Chicago presents unique plan for 2016 Olympic bid

By Deanna Bellandi

CHICAGO – Organizers of the American bid for the 2016 Summer Olympics unveiled details of their plan Tuesday, promising a “spectacular” lakefront experience in the heart of the nation’s third-largest city.

Chicago’s plan clusters the majority of venues in four sites near downtown and along the shores of Lake Michigan, the world’s fifth-largest lake. Ninety-one percent of athletes would be within 15 minutes or less of their venues, and the Olympic stadium would be a six-minute drive from the village.

“The plan envisions the games woven into the landscape of Chicago’s century-old lakefront and in walking distance,” of many cultural and entertainment attractions and sports facilities, said Patrick Ryan, chief organizer of Chicago 2016.

“We believe Chicago promises a spectacular Olympic experience in the center of our city, in the heartland of this great country,” Ryan said.

Details of the plan – including 16 new permanent and temporary venues at an estimated cost of $900 million – were included in a questionnaire submitted to the International Olympic Committee and released by Chicago bid organizers.


Chicago would hold the games July 22-Aug. 7, 2016. The paralympics would follow Aug. 18-28.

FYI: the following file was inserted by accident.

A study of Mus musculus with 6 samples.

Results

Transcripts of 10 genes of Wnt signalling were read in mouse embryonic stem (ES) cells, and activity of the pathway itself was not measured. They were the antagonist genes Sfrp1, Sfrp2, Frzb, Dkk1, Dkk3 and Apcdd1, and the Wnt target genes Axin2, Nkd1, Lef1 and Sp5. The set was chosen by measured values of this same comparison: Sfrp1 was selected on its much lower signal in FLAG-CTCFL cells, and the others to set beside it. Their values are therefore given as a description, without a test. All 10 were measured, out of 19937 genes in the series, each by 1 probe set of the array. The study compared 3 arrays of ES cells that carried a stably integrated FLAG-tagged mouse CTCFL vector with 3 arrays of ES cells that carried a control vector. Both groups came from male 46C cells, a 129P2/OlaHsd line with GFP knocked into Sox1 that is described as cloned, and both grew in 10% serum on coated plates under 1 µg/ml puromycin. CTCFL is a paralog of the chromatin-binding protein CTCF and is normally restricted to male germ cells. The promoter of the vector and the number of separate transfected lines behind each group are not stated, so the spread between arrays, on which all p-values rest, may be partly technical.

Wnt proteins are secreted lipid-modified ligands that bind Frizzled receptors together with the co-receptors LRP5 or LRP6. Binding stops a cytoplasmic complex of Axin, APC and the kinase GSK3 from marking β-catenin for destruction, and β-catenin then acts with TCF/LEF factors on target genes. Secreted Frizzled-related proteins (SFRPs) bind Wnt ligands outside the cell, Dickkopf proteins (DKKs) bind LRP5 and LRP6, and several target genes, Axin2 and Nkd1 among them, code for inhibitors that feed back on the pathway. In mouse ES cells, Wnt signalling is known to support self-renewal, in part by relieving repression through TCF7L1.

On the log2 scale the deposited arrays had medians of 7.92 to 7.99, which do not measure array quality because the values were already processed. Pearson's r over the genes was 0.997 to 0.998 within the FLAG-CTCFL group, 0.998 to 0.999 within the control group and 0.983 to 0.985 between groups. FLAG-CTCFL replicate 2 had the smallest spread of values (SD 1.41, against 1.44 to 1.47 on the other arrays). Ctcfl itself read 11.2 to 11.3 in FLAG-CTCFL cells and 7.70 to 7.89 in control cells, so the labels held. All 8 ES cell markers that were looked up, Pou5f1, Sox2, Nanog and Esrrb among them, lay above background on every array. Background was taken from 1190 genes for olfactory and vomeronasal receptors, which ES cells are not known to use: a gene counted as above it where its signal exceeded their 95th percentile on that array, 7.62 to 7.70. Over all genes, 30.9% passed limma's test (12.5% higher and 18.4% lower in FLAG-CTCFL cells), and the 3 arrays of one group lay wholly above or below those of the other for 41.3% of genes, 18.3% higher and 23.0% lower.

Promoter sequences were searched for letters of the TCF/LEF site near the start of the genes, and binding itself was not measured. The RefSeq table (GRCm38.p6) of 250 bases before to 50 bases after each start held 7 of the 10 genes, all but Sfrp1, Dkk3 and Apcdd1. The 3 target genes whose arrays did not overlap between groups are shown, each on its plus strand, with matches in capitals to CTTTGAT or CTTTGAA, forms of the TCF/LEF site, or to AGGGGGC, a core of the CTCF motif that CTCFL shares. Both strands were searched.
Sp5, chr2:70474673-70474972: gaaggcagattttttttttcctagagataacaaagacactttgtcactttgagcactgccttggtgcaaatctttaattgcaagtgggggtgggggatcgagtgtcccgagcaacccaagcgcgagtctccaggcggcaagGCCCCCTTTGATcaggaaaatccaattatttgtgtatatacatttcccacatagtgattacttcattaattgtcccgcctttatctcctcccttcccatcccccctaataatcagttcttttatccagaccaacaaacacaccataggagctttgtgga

Chicago 2016 organizers estimated the games would generate $2.5 billion in revenue just from domestic marketing, including sponsorships, licensed merchandise and ticket sales. Organizers would give 500,000 free tickets to Chicago schoolchildren.

“The people of Chicago will experience these games like no people of any Olympic city before them,” said Doug Arnot, operations chief for Chicago 2016.

As Chicago released its bid documents, details also emerged Tuesday about the other six bid cities’ plans.

Tokyo said 95 percent of its competition venues would be within five miles of downtown. Organizers in Madrid, Spain, said the eastern edge of its city would be the focus for the Olympics. There would be 15 competition venues there, and all but five of the 30 venues would be about seven miles from the city center.

Chicago organizers said their plan for clustering the Games downtown and near Lake Michigan is unique.

“Compact is one thing, it’s where it’s compact,” Arnot said. “We’ve taken the very heart of the city and put so much of the games right there. That is unparalleled in any games.”

Besides Chicago, Tokyo, and Madrid, the other bid cities are Rio de Janeiro, Brazil; Baku, Azerbaijan; Doha, Qatar; and Prague, Czech Republic.

The IOC will whittle the seven applicant cities to an unspecified number of candidate cities in June. The IOC will select the host city in October 2009.